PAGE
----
Serena Williams grew up on the steaming asphalt public courts of Compton, California, but she has found a home on grass.
This year’s clay season left her hankering for the lush grounds of the All England Club. Serena lost two of three matches in Rome and Parma before putting together three wins at Roland Garros.
“I love the grass,” she said in Paris. “What I love most about it is just the cleanness of it. I just think it’s so chic and so crisp. That’s a good word: crisp.”
It’s also a good word for Serena’s efficiency on this slippery surface.
“I’m kind of excited to switch surfaces,” she added, “but historically I have done pretty well on grass.”
Here are some illuminating grass-centric Serena statistics:
- Owns personal best match-win percentage on grass (88.4%, 107-14), compared to clay (82.4%, 178-38) and hard (85.5%, 530-90).
- Has won eight titles on grass – Wimbledon seven times and 2012 Olympics gold medal.
- In 22 grass-court tournaments in her career, reached the final 12 times.
- Since 2008, when the Match Stats Era began, she owns the best career percentage for first-serve points won on grass (78.7%). Next best is Ashleigh Barty at 74.4%. The tour average is 65.7%.
In women’s tennis, Serena is truly unrivaled. There’s little question part of her motivation to keep going is in her quest to draw even with Margaret Court’s all-time record of 24 Grand Slam titles. Heading into Wimbledon, which starts Monday, Serena is only one behind.
“It’s definitely on my shoulders and on my mind,” Serena said in February at the Australian Open. “I think it’s good to be on my mind. I think it’s a different burden, I should say, on my shoulders because I’m used to it now.”
Still believing, still working
Serena is 39 years old. She turns 40 in late September, and one suspects she is playing with a gathering sense of urgency. Her last major title came four years ago at the Australian Open, when she was already pregnant with her daughter, Olympia.
Petra Kvitova marvels at Serena’s continuing commitment.
“I think that her motivation is pretty clear,” Kvitova recently said. “She wants one more Grand Slam. One. It’s very clear.
“She’s been in the final a few times, but she didn’t make it. She’s a big fighter and big competitor. That’s why she is a great champion, because she is still there. She is still believing, still working hard.”
Since winning the 2017 Australian Open, Serena has lost four major finals (all in straight sets) and two semifinal matches.
She fell to Angelique Kerber at Wimbledon in 2018 and later that year to Naomi Osaka at the US Open. Simona Halep won in 2019 at Wimbledon, and then Bianca Andreescu beat Serena in straight sets at the US Open. In 2020, Azarenka prevailed in a three-set semifinal at the Australian Open, and earlier this year it was Osaka winning their semifinal meeting in Melbourne.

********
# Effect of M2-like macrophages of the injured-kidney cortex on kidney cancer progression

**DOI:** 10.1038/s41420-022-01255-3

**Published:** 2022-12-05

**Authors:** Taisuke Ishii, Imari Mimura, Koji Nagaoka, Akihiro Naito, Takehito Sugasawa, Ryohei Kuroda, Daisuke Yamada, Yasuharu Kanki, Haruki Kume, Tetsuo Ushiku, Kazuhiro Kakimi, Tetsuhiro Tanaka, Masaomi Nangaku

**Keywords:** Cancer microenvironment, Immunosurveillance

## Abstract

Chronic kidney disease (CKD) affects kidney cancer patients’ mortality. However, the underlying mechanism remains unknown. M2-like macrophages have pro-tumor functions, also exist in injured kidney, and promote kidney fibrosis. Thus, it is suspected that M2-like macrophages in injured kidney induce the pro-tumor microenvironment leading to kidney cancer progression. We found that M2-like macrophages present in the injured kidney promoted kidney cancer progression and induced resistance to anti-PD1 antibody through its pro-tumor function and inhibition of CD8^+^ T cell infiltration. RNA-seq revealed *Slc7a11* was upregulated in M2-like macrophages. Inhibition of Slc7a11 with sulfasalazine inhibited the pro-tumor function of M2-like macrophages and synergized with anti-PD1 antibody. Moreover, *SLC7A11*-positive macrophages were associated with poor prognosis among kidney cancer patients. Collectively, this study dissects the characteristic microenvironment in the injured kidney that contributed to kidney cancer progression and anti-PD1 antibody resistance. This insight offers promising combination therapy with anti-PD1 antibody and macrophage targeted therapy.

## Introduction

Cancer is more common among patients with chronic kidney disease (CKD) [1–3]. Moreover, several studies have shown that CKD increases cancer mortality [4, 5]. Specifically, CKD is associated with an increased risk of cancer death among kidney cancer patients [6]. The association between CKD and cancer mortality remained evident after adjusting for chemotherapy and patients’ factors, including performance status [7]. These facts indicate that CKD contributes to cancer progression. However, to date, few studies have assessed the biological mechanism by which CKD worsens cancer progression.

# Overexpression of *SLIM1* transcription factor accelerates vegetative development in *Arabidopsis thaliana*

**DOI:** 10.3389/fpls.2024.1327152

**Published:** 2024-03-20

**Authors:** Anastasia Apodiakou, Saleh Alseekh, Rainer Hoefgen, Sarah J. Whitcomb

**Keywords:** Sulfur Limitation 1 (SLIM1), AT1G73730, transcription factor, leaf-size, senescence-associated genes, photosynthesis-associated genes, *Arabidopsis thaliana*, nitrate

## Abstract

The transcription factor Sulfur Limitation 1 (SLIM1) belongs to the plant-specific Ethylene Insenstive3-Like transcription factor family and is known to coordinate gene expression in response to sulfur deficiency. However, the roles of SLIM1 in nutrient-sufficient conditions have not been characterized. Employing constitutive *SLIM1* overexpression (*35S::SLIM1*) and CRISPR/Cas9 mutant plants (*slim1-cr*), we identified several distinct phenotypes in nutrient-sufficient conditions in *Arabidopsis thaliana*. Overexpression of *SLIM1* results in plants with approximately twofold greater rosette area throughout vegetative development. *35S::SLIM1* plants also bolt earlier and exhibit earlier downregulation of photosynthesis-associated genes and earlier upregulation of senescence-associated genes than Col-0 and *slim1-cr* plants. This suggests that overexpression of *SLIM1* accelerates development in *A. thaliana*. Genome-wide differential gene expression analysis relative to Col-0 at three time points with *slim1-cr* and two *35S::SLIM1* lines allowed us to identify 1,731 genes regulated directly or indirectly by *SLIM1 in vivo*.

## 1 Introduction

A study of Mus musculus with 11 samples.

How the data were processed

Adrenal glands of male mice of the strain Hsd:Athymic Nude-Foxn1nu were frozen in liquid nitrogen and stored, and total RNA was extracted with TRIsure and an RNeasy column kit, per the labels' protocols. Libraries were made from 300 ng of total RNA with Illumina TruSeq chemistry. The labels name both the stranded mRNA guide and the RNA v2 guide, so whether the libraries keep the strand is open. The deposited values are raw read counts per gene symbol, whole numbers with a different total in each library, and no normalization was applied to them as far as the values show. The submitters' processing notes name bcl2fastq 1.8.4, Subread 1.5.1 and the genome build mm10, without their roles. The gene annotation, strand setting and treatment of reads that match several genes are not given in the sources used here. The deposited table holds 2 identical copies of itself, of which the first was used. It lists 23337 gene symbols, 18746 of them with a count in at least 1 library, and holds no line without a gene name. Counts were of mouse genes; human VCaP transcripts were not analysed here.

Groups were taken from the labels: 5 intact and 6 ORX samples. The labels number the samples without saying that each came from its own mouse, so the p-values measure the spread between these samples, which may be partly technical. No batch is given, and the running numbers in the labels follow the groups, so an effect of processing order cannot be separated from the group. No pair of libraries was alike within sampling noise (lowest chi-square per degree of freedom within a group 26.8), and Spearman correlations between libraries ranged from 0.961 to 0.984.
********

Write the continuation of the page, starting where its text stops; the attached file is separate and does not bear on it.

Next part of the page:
In retrospect, these near-misses will loom even larger, seem even more impressive. At an age when many players are retired, Serena keeps coming back.
She was asked at this year’s Australian Open how she’s avoided burnout.
“I never played like an ultimate full schedule,” she said. “I mean, I played a full schedule, but I don’t think I’ve ever played 30 tournaments in a year, which is typical, or even 28. I think I was closer to 24, maybe 25.
“I still went to college. I still did a lot of other things. I had other careers. It was impossible to burn out. I mean, I’ve taken some time off, had a few injuries, which were another mental break.”
Serena’s command of her would-be rivals extends over roughly three generations in the sport. She’s 19-12 against older sister Venus. Crucially, Serena won seven of their nine Grand Slam finals.
Her record against five-time major champion Martina Hingis, whom Serena caught in her prime, is 7-6. It’s 8-6 versus seven-time Grand Slam winner Justine Henin, 10-7 against Jennifer Capriati and 10-4 over Lindsay Davenport. More recently, it hasn’t been close: Against Maria Sharapova, Serena is 20-2, and she’s 18-5 versus Victoria Azarenka.
Naomi Osaka does hold a 3-1 head-to-head edge, but Serena was 36 years old when they first met.
Another compelling chunk of context: By winning Auckland to open the 2020 season, Serena became the only male or female in the Open era to win a singles title in four different decades. No player in the NFL, NBA, NHL or MLB ever managed the equivalent of that.
Serena’s coach, Patrick Mouratoglou, has said he doesn’t think she will stop until she wins at least one more Grand Slam.
“I think a part of me loves being on the court because it’s free-flowing,” Serena said. “I like my job. I like what I do. It’s pretty special I get to come out and still get to do it. I don’t think I need any other inspiration behind that.”